In 2015, Chris Robertson traded in life as a D-1 redshirt at Hartford University in favor of Plattsburgh’s red and white soccer jersey.

Now a junior, Robertson doesn’t have a lot of downtime, splitting his academic years between the soccer and baseball seasons.

For both teams, he sports the number 31, playing a forward position in soccer and outfield in baseball.

“I like them both,” Robertson said, unable to pick a favorite between the two. “But I guess I’m a little bit better as a soccer player.”

In addition to Plattsburgh’s affordability compared to Hartford’s, his decision to transfer was swayed by gaining playing time and the ability to play for both teams.

Men’s soccer assistant coach Geoff Spear, who’s spent about two decades collectively coaching the team, admires the player’s hard-working character.

“I think he’s very driven as both a player and a person,” Spear said. “He always strives to put his best foot forward.”

Spear said that Plattsburgh’s program has offered unique opportunities to a handful of athletes over the years.

“We’ve had a lot of D-1 kids who weren’t satisfied, who were looking for something else, and we gave that to them.”

Up until recently, Robertson had started most games, but a knee injury in the off-season has forced him to step back.

“He’s still in recovery. We’re just trying to get him healthy, especially with the conference games coming up,” Spears said.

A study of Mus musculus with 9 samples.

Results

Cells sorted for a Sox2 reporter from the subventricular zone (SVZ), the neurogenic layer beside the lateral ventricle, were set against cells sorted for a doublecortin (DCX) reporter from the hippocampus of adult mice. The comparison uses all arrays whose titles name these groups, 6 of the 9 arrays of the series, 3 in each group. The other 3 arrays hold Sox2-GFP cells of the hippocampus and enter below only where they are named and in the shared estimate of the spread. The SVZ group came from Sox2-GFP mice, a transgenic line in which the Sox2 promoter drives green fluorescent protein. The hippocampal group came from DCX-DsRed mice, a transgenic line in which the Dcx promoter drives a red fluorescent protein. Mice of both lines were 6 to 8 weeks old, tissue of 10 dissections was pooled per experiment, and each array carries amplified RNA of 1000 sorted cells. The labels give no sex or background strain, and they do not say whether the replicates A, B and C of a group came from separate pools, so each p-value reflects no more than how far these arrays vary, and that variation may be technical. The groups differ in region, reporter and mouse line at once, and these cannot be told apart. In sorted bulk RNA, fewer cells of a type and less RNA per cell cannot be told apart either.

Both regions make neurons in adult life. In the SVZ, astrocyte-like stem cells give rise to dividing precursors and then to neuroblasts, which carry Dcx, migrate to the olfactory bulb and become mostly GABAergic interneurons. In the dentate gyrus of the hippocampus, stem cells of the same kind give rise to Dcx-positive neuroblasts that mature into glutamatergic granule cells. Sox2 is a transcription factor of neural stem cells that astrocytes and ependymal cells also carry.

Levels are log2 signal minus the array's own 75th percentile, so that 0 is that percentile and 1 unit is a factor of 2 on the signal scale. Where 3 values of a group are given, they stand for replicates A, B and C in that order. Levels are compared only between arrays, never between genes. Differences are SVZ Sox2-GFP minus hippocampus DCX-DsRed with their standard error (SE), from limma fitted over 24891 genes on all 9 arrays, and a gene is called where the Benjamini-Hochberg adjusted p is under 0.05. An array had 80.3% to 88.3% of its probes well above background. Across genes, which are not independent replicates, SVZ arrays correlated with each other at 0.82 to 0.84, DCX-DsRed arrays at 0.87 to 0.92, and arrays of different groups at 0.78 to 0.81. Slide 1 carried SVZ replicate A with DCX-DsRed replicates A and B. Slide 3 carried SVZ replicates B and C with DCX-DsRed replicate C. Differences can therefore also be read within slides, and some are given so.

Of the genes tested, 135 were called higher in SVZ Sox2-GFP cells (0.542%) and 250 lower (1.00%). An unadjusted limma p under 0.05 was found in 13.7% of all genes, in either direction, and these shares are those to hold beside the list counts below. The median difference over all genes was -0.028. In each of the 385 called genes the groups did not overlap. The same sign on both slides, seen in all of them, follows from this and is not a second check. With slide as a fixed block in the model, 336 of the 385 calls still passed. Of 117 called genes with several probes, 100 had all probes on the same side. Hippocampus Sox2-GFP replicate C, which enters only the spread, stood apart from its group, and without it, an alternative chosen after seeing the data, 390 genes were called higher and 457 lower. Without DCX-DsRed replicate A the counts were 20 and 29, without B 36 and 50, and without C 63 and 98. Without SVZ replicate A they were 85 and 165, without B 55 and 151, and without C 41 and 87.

Robertson is no stranger to sports injuries. In high school, he broke the same ankle twice.

“The first time, I didn’t even know that I broke it,” he said. “It was one of the bones on the outside, so I could walk, but running hurt.”

The second time was more of a fluke when a good day at the beach turned sour.

“I just walked into the water, and stepped into a hole,” he recalled. “[My foot] just moved the wrong way.”

The injuries took Robertson out for half of his sophomore season. Junior year, however, he played through recovery, earning First-Team All-Conference honors, and again his senior year.

When he isn’t practicing or playing, Robertson devotes much of his time to his 4-month-old Husky puppy.

“He still runs around all the time, so he keeps me busy,” Robertson said of his blue-eyed Ghost, named for a direwolf from the tv show “Game of Thrones”.

After graduation, the criminal justice major hopes to pursue a job in law enforcement.

“Maybe I’ll be a cop,” he said. “Or something federal if I can. We’ll see.”

Robertson, who hails from Thiells, NY, said he can see himself coaching a team of his own one day, likely somewhere faster-paced than the North Country.

“It’s a little isolated up here for me,” Robertson said.

Both the feeling of trying to win something and the bonds he’s formed are Robertson’s most valued takeaways from 15 years of playing sports.

“Most of my friends are people that I’ve played sports with.”

Robertson is looking ahead to this Friday and Saturday, as men’s soccer will spar off against SUNY Oswego and SUNY Cortland, both at home.

“It’s going to be a big weekend,” Robertson said.

With the team already toting a 7-0-2 record, Robertson said things are looking good.